The Apple Xserve RAID is an inexpensive way to add approximately 2 TB of RAID 5-protected storage to your Linux boxes. Red Hat Enterprise Linux 3.0 comes with all the drivers and software you will need to connect and use the array with the Apple Fibre Channel PCI card.

Apple provides support for the Xserve RAID under Mac OS X, as well as hardware support for the device. If you choose to use the Xserve RAID on unsupported OSes you should make sure you are comfortable supporting it yourself. You will also probably want a Mac around to configure the array, as the software only ships for Mac OS X.

  1. Buy an Apple Xserve RAID. :-) Get the Apple Fibre Channel PCI Card, which is actually an LSI fibre channel card with no GBICs in it.

  2. Install the Apple Fibre Channel PCI Card in your host. You cannot disable the BIOS on this card, so make sure that your boot order is correct afterwards. On my test system I had to invert my SCSI card and the LSI card in the PCI slots so that the SCSI was seen first. This is standard PC operation, so if you are a Windows/Linux/*BSD user you are probably used to it already.

  3. If you have Red Hat Enterprise Linux 3.0 installed already, you will need to add lines to /etc/modules.conf:

    alias scsi_hostadapter1 mptbase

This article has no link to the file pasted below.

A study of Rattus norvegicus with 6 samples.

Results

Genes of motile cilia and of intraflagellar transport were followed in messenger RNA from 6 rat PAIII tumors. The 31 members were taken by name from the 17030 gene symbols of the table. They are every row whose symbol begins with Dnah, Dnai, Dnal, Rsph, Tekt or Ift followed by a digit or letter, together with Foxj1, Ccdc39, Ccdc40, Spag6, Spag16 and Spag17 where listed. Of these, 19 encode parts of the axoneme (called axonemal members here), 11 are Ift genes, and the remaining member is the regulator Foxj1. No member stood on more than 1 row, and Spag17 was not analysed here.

alias scsi_hostadapter2 mptscsih

    Make sure these are in the right order for Linux -- if you want the Xserve RAID to show up after your other storage place them after those lines. You need both of those lines, in that order: mptbase is the basic card driver, mptscsih implements SCSI for both channels of the card.

    You will need to rebuild your initial RAM disk then. Substitute your kernel version for the "2.4.21E.27:"

    mkinitrd /boot/mpt.img 2.4.21E.27

    Edit /etc/grub.conf and make a new entry for the new kernel & RAM disk combination. Do not make it the default until you know it works. :-)

    If you installed RHEL 3.0 with the LSI card installed you may or may not already have a working system. If not, tinker with modules.conf until you get what you like.

  4. Reboot and use the new kernel. You should see the arrays as /dev/sdX, where X is some letter. You can use fdisk on them, or make them part of a volume group.

As you can see, this process is not hard at all. Have fun!